While there’s nothing cuter than a puppy under your Christmas tree, there’s nothing more disappointing than watching your Christmas tree take a beating (or hit the floor, but let’s pretend that can’t happen). The holidays present conflicting loves: you want holiday lights, cozy comforts and a decked-out house. You also want a happy pet or a surprise Christmas puppy.
So, the question persists: can a tree and a pet exist in the same home? The answer is yes, but you’ll need to follow these tips to pull it off.
Back Away From The Breakables.
First, do the obvious thing – either keep your grandma’s vintage ornaments packed away, especially if you have a puppy sniffing around, or keep them far away from low branches. . . the ones your cat can sniff, bat at and chew.
Remember, you’re not just protecting your sentimental decorations, you must also protect your pet. Ornaments present a choking hazard for our furry family– and the sharp edges, glass, glitter and garland does make things even more dangerous and complicated.
Form A Barrier.
Now that you’ve protected your breakables and your pet from those breakables, it’s time to form a barrier between the pet and tree. You may not need to take things to the next level, but if your cat is interested in your tree non-stop, then it’s a must (or else you may lose your mind!).
Across the web, all sorts of wacky ideas for protecting your tree abound. Aluminum foil (dogs don’t like that ‘crunch’ feeling); tacky mats designed to stop rugs from sliding; tape. Get creative – some folks even suggest Vick’s Vapor Rub because your pets can’t handle the smell. But can you?
Unfortunately, other than a baby gate, you’re going to have to experiment to see what works for your tree-lovin’ pooch.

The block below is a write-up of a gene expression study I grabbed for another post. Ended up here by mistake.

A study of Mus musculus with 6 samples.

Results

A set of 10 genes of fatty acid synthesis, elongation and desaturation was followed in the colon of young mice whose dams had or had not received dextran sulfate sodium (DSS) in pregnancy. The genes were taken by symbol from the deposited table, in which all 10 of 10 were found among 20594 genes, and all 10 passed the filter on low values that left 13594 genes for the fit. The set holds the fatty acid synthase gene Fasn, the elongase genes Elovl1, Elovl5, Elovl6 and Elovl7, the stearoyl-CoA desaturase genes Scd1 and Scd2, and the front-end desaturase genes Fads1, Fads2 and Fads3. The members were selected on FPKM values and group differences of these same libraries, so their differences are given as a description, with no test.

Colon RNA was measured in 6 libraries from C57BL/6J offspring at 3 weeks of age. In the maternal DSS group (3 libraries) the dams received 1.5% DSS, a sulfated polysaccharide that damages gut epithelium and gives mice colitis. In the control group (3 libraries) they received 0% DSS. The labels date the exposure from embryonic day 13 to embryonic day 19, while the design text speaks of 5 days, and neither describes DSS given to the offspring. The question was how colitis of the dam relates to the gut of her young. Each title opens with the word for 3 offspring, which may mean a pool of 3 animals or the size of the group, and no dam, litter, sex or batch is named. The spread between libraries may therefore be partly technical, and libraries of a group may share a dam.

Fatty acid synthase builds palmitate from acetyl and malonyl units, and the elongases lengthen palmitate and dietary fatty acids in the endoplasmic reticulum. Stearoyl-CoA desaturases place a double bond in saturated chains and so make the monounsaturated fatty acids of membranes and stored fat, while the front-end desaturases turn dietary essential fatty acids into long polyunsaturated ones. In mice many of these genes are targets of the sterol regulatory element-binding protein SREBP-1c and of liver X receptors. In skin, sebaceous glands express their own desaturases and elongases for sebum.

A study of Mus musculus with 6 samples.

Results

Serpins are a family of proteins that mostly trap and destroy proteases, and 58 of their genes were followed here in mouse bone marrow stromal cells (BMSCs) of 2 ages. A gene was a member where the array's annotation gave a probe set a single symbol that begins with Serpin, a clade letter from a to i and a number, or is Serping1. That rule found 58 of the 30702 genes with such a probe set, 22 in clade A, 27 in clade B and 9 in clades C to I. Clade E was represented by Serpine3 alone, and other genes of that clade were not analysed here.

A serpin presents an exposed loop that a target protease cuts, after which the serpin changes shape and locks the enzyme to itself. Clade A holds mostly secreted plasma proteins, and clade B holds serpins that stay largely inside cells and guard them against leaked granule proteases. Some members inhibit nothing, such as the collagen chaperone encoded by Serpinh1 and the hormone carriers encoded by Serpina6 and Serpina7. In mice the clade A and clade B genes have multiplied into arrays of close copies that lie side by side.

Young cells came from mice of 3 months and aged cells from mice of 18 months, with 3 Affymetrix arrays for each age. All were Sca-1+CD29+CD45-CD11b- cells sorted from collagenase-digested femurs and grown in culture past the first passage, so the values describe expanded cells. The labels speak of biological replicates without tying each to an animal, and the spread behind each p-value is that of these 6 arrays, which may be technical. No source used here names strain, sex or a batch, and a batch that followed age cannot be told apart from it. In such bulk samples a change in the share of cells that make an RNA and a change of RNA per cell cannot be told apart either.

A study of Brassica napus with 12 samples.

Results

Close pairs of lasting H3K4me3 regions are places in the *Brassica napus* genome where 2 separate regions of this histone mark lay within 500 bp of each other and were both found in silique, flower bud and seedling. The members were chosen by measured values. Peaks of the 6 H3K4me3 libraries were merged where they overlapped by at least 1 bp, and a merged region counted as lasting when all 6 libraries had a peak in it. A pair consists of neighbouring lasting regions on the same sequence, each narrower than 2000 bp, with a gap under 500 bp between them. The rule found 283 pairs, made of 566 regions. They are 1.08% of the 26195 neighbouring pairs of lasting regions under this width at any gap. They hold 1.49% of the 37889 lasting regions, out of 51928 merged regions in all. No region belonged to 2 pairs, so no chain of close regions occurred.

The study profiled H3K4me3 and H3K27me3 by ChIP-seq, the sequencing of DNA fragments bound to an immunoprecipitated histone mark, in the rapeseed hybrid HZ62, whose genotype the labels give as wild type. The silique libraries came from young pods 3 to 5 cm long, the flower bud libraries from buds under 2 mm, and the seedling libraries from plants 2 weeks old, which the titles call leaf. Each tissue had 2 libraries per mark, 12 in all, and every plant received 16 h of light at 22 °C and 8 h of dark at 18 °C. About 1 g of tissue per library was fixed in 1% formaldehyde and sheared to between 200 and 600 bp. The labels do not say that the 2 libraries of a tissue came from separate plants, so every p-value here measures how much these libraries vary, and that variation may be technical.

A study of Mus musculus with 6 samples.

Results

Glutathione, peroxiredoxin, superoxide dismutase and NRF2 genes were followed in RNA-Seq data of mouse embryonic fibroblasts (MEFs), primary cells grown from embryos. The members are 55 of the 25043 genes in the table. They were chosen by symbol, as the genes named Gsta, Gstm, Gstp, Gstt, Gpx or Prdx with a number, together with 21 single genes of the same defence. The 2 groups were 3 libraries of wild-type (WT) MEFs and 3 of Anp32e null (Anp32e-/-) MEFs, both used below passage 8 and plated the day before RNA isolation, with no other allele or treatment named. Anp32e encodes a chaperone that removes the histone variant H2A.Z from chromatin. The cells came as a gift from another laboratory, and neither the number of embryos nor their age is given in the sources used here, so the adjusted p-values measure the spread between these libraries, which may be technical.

Make It A Training Mission.
Another approach: just like you would teach your dog to stay off the couch, teach him to stay away from the tree. This is a probably a more time-consuming solution, but far more practical. A side benefit: you can take all the new learnings for tree training and apply them to other things in your home, like “Stay off coffee table,” or “Get away from my turkey leg!” As we all know, the training approach will likely be far less effective for your tree-loving cat, but, heck, it’s worth a try.
Here’s a simple no-nonsense training guide that can help you get started.
Other Tips To Consider
Even if you go the way of training, you’ll still want to take some preventative measures, like keeping food off the tree (hint: no real gingerbread cookie ornaments). This may be obvious to you, but if relatives are in and out of the house this time of year, you may need to gently remind them.
Additionally, you could consider an artificial tree. If you think your tree tipping is a real risk, then an artificial one will be far less damaging and messy in the event your Griswold-Family-Christmas-Moment becomes a reality. You may find artificial trees to be sturdier, too.
And finally, take precautions with your electrical cords. Hide them, minimize them and, if possible, secure them in place. The less attractive and obvious they are to your dog or cat, the better.
Whatever your approach, the team here at Scollar wishes you a very merry, joyous, and safe holiday.